Going to the beach and playing in the sand is fun, but finding sand stuck in your shoes and hair later on is pretty annoying. The same goes for shingle granules. This sand-like material is fantastic when attached to shingles, but if you notice a lot of them in your gutters or yard, alarm bells should start ringing.
Granule loss on shingles can be a mysterious aspect of roofing, and many homeowners are unclear about what they mean. This ultimate guide will cover:
- The purpose of shingle granules
- What shingle granule loss is
- 5 causes of granule loss
- What to do next
What Do Shingle Granules Do?
Shingle granules have a similar texture and appearance to sand. They are the most outer layer of 3-tab and architectural shingles, but they don’t appear on any other roofing materials.
Asphalt shingles are usually made with an organic or fiberglass mat core that is then coated with layers of asphalt. Then, mineral granules are ingrained into the hot asphalt as the final protective layer.
Granules give shingles their color, and they also offer a level of fire resistance. Ultimately, the main jobs of shingle granules are:
- UV Protection: Harmful UV rays from the sun have the capacity to cause asphalt shingles to deteriorate quickly. Granules help protect the shingles from UV rays.
- Durability: Granules keep the shingles protected from repeated inclement weather and debris over the years.
- Aesthetics: Since you can get granules in numerous color options, they help provide an aesthetic value that boosts curb appeal.
- Ease of Installation: The layer of granules helps prevent asphalt shingles from sticking together, and the outer layer provides a safer walking surface for contractors.
What Is Granule Loss on Shingles?
Unfortunately, roofing shingles aren’t indestructible. You can expect an asphalt shingle roof to last approximately 15-25 years. As your roof experiences wear and tear, inclement weather, or any manufacturing defects, you may notice a sand-like material in your gutters, downspouts, or yard.
And if you peer at your roof, you might see some shingles with bald patches that look darker or misshapen compared to the lighter shingles around them.
This is called shingle granule loss.
Oftentimes, shingle granule loss can be a clear indicator of needing roof repairs or a total replacement. It’s not always super urgent, but if you notice granule loss after a storm, or if they’re paired with an internal roof leak, then you probably have a roof issue on your hands.
5 Causes of Granule Loss
Shingle granule loss is common in small amounts. But if you notice a larger amount of granule loss, it was likely caused by one of these 5 circumstances:
1) Hail Storms
Storm damage is the leading cause of granule loss on shingles— particularly hail storms. Hail storms are backed by sheer force, and the impact can strip granules right off your shingles. Hail can cause distinctive dents and pits on your shingles, and a professional roofer will be able to notice any granule loss caused by hail.
2) Foot Traffic
It’s important for either you or a professional roofer (or both!) to perform regular maintenance and inspections on your roof. However, if someone was walking on your roof to clear debris and clean the gutters, the foot traffic can cause loose granules. Be sure to keep up with your roof maintenance, but minimize walking on your roof if it isn’t necessary.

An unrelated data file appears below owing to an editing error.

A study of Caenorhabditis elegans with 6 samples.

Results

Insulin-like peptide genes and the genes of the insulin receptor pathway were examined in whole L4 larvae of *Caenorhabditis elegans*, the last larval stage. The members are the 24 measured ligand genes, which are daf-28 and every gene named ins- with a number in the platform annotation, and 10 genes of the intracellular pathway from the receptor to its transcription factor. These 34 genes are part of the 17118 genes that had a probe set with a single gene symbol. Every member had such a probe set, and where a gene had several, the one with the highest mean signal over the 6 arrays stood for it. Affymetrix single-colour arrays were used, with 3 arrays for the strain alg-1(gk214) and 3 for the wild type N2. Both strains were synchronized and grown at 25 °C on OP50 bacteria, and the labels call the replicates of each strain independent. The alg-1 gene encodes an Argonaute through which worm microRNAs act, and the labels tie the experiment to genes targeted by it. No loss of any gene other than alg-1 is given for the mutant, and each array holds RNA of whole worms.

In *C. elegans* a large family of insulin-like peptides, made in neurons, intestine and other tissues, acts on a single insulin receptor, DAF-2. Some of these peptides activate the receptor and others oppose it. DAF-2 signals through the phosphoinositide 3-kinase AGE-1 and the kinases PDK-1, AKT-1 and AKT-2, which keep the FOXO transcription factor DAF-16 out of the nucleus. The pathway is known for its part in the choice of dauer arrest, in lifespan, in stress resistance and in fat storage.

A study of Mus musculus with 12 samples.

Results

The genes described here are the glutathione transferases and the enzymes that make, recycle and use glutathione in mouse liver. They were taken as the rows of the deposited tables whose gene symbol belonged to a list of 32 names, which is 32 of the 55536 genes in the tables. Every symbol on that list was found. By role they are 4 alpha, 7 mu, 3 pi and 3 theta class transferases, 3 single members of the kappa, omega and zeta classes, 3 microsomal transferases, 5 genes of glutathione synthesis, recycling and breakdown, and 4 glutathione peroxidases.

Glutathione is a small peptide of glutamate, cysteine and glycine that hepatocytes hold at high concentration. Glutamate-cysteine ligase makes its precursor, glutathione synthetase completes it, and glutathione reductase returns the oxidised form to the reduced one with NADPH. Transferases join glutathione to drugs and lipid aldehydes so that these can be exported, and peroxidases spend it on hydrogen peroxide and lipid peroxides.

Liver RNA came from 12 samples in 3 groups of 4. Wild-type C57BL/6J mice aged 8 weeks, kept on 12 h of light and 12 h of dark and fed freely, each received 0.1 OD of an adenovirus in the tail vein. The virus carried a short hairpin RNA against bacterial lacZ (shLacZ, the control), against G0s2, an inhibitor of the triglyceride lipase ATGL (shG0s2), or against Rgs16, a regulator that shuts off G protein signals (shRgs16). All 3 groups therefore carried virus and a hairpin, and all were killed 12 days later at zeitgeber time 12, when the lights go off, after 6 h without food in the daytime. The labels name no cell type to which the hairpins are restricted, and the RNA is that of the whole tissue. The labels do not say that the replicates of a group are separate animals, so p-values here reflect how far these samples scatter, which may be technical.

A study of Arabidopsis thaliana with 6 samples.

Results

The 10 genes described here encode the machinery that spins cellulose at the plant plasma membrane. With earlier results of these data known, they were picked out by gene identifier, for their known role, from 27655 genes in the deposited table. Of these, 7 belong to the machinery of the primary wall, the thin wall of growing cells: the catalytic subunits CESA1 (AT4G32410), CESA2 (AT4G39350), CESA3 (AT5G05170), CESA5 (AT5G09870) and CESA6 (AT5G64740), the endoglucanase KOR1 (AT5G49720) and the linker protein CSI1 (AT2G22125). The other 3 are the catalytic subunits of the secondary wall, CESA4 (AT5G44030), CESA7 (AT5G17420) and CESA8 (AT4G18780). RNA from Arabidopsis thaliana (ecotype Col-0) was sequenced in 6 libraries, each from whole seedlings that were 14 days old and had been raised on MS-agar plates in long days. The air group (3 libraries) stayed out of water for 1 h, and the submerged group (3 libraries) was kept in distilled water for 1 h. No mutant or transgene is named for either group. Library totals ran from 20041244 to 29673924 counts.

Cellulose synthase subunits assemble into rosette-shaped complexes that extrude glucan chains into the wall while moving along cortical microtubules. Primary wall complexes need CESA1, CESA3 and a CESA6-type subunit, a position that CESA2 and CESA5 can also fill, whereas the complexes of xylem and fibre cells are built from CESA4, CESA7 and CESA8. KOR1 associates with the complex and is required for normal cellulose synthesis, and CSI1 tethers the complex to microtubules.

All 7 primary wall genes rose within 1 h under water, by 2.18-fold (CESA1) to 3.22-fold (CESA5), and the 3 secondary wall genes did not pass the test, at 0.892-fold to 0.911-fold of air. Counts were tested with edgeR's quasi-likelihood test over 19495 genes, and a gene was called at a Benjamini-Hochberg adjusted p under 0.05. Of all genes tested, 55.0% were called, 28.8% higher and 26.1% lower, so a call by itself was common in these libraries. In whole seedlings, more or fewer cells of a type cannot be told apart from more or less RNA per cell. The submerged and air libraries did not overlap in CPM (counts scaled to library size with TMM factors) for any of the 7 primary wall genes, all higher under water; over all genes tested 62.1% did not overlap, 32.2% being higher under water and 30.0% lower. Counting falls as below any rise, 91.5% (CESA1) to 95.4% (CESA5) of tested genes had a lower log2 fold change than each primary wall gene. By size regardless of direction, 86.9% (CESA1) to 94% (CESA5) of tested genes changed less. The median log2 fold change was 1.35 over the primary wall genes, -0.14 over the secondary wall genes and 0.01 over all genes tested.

3) Aging + Wear and Tear
As we mentioned, most asphalt shingle roofs have an average lifespan of 15-25 years. Older roofs are more susceptible to granule loss. After years and years of sun exposure, inclement weather, and debris, it’s no surprise why your shingles would start to wear down.
4) Brand New Roof Replacement
If you just got a brand new roof, it’s understandable why you would be alarmed to see scattered shingle granules. However, this cause of shingle granule loss is usually the only one that doesn’t require immediate action.
The handling, nailing, and foot traffic during a roof installation can cause a few granules to loosen. You can expect to see some granule loss during the first few rainfalls after a new roof replacement. However, as long as this doesn’t continue for an extended period of time, you have nothing to worry about.
5) Fallen Debris
Tree branches, rocks, and other debris that falls on your roof can scrape off the granules. Since you can’t stop the wind that causes the debris to fly around, you can instead make an effort to trim trees and tall shrubs that are in close proximity to your roof to lessen the impact of shingle granule loss.
What to Do Next
If you notice shingle granule loss and you didn’t just have a brand new roof replacement, then your roof could be showing signs of storm damage or aging. Typically, if the granule loss reaches a point where you’re seeing bald patches on your roof, then it’s likely time for a roof replacement.
No matter what level of shingle granule loss you have, it’s a wise idea to contact a trusted local roofing contractor to perform a free inspection. A professional roofer will be able to tell if your granule loss is urgent or not and if they recommend any repairs or a replacement.
It’s always better to be safe than to be sorry. Scheduling a roof inspection will save you a lot of hassle in the long run.
Call Scro’s When Dealing With Shingle Granule Loss
At Scro’s Roofing Company, we’ve seen and dealt with every possible roofing issue. We know exactly what to look for in terms of granule loss on shingles and other roof damage. Our friendly team will educate you on what we find after performing a free inspection, then we’ll promptly schedule any necessary repairs or replacements.
Contact us today to schedule your free inspection!